As I have read and listened to the comments these last three weeks it has become clear that, with regard to The Great Ends of the Church, that two lenses are used to interpret them. In some cases it is an either/or and, for others, it is a bit of a both/and.
Responses seemed to fit within a continuum based on our historical memory and our personal Christian experience. These two threads seemed to show up. Do the Great Ends represent the sins of a colonial and genocidal past? Or do they represent a Christian identity that keeps us rooted in a sacred purpose and community?
I heard the bristling response from those who hear in the language another example of a colonizing tradition. And I heard from those who found in the language a reminder of the riches of belonging to a community with a tradition of having a deeper (even divine) purpose.
One particular church community has found a way to marry both of those experiences—address the sins of a colonizing past and invite the individual members to join as a community in a deeper purpose. It is a deeper purpose rooted in one of the essential components of Reformed worship—corporate confession.
After my first blog on the subject, The Great Ends: Christian Arrogance, I heard immediately from the pastor of First Presbyterian Church, Ashland, the Rev. Dan Fowler. The church had just held a ceremony to dedicate a plaque to acknowledge that their church was located on Native ancestral lands. It is important to listen to the short dedication and prayer. Listen here:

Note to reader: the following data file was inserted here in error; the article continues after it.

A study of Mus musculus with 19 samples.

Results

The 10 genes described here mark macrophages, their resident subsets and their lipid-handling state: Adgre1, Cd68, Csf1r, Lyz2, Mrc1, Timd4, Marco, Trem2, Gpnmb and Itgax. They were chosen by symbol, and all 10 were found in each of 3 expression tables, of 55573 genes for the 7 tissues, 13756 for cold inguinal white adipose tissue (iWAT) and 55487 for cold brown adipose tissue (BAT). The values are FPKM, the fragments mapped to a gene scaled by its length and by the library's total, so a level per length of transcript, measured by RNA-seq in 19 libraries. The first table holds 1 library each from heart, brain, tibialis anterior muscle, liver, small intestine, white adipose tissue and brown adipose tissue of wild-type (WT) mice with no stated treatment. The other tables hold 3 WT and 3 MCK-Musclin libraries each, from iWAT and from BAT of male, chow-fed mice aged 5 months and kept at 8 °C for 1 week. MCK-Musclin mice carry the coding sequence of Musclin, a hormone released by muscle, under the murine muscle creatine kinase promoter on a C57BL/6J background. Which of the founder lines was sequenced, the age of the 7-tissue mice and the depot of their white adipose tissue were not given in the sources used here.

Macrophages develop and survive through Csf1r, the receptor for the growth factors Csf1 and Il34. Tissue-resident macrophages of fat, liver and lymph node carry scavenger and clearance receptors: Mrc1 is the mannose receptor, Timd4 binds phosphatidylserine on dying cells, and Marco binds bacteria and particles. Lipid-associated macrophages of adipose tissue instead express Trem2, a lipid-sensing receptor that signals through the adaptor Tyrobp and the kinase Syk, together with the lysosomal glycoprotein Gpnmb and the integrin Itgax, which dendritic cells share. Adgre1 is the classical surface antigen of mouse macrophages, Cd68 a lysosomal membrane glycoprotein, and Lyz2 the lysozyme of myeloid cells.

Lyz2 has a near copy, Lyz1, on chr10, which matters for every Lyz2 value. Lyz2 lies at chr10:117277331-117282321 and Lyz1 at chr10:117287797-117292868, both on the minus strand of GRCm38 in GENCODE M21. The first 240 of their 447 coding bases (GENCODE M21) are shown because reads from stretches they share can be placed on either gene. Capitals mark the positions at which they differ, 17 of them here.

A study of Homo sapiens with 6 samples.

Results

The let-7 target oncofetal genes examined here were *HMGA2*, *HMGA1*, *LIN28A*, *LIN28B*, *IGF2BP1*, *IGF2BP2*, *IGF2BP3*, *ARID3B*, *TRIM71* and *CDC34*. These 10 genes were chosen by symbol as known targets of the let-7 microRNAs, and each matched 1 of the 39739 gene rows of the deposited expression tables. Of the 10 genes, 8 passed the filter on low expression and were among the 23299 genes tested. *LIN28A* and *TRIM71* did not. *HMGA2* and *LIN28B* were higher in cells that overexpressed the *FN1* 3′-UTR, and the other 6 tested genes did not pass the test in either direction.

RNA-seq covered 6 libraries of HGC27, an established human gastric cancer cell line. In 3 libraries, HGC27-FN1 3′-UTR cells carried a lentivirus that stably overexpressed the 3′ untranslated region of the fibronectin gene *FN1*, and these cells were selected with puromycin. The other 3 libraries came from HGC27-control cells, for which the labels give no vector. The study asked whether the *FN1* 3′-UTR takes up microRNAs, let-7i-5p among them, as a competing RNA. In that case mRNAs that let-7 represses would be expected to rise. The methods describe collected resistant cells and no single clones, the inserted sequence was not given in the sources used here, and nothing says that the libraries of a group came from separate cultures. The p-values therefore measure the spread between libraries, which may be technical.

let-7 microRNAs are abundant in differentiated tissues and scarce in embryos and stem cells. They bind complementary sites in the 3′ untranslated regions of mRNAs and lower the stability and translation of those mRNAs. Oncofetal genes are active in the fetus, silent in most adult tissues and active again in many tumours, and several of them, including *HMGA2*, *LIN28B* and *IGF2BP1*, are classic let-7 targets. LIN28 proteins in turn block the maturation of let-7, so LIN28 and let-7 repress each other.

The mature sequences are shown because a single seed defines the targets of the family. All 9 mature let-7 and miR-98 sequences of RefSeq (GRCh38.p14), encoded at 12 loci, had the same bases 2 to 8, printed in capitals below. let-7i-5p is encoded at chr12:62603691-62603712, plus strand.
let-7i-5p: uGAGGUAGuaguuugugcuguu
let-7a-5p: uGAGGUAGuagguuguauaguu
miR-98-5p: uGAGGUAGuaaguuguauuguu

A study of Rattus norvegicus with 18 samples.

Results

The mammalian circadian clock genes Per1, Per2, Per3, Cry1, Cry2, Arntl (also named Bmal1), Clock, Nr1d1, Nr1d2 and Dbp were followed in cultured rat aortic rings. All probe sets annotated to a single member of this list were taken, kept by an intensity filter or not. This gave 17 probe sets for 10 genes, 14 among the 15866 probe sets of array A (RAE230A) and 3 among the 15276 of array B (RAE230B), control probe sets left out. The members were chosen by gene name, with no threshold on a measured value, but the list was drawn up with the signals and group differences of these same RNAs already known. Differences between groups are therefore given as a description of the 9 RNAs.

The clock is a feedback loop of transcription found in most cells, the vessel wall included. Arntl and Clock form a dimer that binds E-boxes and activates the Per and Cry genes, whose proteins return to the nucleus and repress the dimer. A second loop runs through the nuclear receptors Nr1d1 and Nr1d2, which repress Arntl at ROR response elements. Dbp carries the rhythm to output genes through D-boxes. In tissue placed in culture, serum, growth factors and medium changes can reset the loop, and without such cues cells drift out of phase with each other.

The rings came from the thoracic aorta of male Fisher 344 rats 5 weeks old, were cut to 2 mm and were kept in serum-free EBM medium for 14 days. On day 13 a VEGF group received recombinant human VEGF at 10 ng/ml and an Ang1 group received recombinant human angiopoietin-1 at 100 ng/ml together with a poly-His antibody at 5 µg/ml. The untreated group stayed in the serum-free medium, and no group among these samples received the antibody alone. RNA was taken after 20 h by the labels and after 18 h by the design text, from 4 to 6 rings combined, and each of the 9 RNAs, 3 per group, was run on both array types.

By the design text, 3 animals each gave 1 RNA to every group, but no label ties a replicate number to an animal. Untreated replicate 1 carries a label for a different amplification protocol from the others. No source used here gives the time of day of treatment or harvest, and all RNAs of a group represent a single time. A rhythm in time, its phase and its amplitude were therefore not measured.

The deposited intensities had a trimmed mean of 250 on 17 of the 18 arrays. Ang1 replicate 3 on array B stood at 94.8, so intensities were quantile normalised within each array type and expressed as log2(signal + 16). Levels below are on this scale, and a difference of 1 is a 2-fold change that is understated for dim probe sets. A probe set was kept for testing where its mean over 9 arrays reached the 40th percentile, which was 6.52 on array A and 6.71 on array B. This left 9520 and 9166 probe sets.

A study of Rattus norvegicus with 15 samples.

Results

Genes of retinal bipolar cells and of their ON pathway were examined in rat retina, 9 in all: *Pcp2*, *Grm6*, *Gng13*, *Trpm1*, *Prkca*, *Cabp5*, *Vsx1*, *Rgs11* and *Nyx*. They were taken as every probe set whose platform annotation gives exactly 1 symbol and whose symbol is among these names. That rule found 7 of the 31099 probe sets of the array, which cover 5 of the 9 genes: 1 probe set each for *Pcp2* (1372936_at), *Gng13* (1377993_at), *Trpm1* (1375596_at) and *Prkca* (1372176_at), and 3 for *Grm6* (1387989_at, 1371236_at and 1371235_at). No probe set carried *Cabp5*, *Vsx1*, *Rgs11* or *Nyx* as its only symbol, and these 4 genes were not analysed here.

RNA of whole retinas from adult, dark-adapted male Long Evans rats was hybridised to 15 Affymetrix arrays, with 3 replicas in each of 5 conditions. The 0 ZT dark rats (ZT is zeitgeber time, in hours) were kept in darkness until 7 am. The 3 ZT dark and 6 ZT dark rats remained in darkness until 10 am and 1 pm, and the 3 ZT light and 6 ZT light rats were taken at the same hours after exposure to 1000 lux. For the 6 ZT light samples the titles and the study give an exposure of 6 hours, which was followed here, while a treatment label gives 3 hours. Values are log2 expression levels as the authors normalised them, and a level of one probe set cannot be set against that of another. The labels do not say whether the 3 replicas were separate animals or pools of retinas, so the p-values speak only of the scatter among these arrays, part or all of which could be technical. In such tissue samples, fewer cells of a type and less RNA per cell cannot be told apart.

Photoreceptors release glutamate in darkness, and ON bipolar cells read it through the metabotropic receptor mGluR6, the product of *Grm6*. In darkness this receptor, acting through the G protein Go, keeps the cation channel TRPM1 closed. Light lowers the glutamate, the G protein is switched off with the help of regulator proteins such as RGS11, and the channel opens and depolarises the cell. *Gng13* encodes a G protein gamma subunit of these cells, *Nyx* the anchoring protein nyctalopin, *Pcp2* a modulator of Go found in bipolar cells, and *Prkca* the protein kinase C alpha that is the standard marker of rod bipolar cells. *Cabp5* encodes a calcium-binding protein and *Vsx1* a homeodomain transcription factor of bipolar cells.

In addition, the Session of the church has committed to making regular reparation payments to the Grand Ronde and Siletz tribes. They are also working to set up a scholarship account at Southern Oregon University for Native American students.
I am going to leave the blog here today and just ask you to listen to the dedication ceremony asking the following simple question for your response:
Is this something the Presbytery of the Cascades should encourage for all of our congregations?
Why or why not?
By Rev. Brian Heron, Presbyter for Vision and Mission, Presbytery of the Cascades
Colonial and genocidal?
I’m wresting with the apology part. To me it rings hollow. Is it my place to apologize for the litany of people/institutions mentioned? Do we even have the “authority” to do so? To grieve over the past, admit our complicity in it, acknowledge who’s stolen land you are living on, repent over it and seek to make amends seems like a great place to start.
in complete agreement with the words and thoughts of Bob Barrett….above on november 4, 2021.